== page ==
By Senator Mike Doherty (R-23)
With a $1.3 billion gas tax increase proposed by some in the Legislature, it’s more important than ever to understand New Jersey’s transportation spending.
More than a year ago, I called for the state to create a “State Transportation Cost Analysis Task Force” to conduct a methodical analysis of the factors that contribute to New Jersey’s road costs, compare our costs to those of other states, and provide recommendations to complete projects more cost-effectively.
While many would consider this legislation to be a matter of common sense, it has failed to advance in the Democrat-controlled Legislature.
According to that report, New Jersey’s state-administered highways cost taxpayers $2 million per mile, which the Reason Foundation claims to be 12 times the national average, three times the cost in the next highest state and four times the cost in New York.
State transportation officials have disputed that study, including a high-ranking NJDOT official who estimated the cost at $270,000 per mile.
A new analysis released last month by Rutgers University’s Alan M. Voorhees Transportation Center claims the cost is approximately $184,000 per mile to plan, construct, operate, and maintain the roadways under the New Jersey Department of Transportation’s jurisdiction, or $213,000 per mile when debt payments are included.
The Reason Foundation contends that the methodologies employed by Rutgers and the NJDOT improperly exclude a number of expenses, and they have prepared a strong rebuttal.
Regardless of who you believe, New Jersey’s cost per mile is excessive under anyone’s calculations. The only dispute is the extent of that excess.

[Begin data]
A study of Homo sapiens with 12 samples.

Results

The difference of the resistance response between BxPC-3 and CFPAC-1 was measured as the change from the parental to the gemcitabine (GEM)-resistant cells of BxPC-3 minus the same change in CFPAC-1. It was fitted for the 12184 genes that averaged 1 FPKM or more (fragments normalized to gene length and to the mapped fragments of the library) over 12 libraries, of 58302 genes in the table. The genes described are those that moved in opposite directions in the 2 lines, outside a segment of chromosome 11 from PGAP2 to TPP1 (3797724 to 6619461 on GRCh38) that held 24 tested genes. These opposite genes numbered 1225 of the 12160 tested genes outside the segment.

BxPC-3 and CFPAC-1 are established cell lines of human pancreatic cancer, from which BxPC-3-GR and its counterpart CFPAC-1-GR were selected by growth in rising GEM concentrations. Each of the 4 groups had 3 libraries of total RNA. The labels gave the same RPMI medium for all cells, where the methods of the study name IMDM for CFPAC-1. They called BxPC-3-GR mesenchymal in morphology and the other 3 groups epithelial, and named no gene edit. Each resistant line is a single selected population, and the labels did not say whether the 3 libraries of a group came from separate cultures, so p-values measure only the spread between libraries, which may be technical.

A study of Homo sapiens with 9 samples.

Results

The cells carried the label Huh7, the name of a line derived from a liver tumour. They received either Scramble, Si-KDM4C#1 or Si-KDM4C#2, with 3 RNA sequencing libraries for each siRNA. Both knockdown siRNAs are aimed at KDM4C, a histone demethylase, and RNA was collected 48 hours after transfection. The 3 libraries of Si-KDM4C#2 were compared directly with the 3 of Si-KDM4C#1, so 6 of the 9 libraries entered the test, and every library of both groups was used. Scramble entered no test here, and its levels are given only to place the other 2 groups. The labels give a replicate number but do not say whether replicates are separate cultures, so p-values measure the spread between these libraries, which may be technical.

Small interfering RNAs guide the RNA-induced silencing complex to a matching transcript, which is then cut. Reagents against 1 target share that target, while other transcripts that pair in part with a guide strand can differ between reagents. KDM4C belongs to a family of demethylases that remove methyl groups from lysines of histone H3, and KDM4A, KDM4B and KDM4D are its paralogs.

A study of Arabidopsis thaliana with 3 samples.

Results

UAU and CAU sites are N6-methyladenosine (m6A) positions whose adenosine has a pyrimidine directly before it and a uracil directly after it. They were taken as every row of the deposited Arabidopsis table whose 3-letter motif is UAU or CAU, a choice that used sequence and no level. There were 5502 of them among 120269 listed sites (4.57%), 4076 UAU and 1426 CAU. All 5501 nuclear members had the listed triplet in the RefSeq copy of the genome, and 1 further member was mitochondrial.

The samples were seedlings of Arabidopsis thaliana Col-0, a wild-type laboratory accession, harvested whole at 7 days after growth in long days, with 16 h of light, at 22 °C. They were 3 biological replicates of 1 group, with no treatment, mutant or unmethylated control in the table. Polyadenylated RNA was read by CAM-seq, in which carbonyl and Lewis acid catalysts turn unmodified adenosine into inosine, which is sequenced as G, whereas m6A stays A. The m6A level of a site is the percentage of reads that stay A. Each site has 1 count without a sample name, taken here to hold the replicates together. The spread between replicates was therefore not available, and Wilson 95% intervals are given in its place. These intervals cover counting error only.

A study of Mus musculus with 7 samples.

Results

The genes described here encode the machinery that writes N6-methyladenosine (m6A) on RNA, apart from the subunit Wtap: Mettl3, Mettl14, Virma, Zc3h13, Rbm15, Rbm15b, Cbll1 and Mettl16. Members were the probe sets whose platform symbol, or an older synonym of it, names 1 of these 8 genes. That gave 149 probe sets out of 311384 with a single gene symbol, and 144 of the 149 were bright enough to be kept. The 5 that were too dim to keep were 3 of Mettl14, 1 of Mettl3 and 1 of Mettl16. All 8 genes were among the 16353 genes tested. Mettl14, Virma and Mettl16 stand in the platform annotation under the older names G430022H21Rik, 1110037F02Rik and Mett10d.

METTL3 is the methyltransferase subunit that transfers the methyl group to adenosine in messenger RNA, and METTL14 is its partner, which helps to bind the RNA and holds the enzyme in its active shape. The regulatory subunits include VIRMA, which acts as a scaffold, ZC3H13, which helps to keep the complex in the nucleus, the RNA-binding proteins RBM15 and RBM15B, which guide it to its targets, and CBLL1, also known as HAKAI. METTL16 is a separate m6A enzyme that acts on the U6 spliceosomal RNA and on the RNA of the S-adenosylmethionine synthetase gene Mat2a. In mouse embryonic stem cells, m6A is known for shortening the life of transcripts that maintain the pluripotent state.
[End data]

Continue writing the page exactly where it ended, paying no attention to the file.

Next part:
Consider, for example, the current reconstruction of Rt. 35 which has topped $27.3 million per mile, including millions to pay contractors to do nothing. Nobody can explain how tens of millions of $76 million in cost overruns has been spent.
That’s just one project.
Sponsors of the huge tax increase claim it’s necessary to fund $2 billion in new transportation spending each year for the next decade.
If we don’t have a true understanding of our transportation cost drivers, how can we be sure that we actually need $2 billion? Some have previously claimed that we need $1.6 billion, and others even less.
Unsurprisingly, the most vocal advocates for more spending have been those who will assume the greatest direct financial benefit from a bigger gas tax increase.
Should the political influence of labor unions and trade associations be allowed to dominate this extremely important debate, ahead of a real demonstrated need?
I think not, which is why I will continue to oppose a gas tax increase. You can sign our online petition to let legislative leaders know that you oppose it as well.
Before we ask drivers and taxpayers for even a penny more for our roads, I believe the state has an obligation to prove that the taxes and tolls already collected are spent wisely.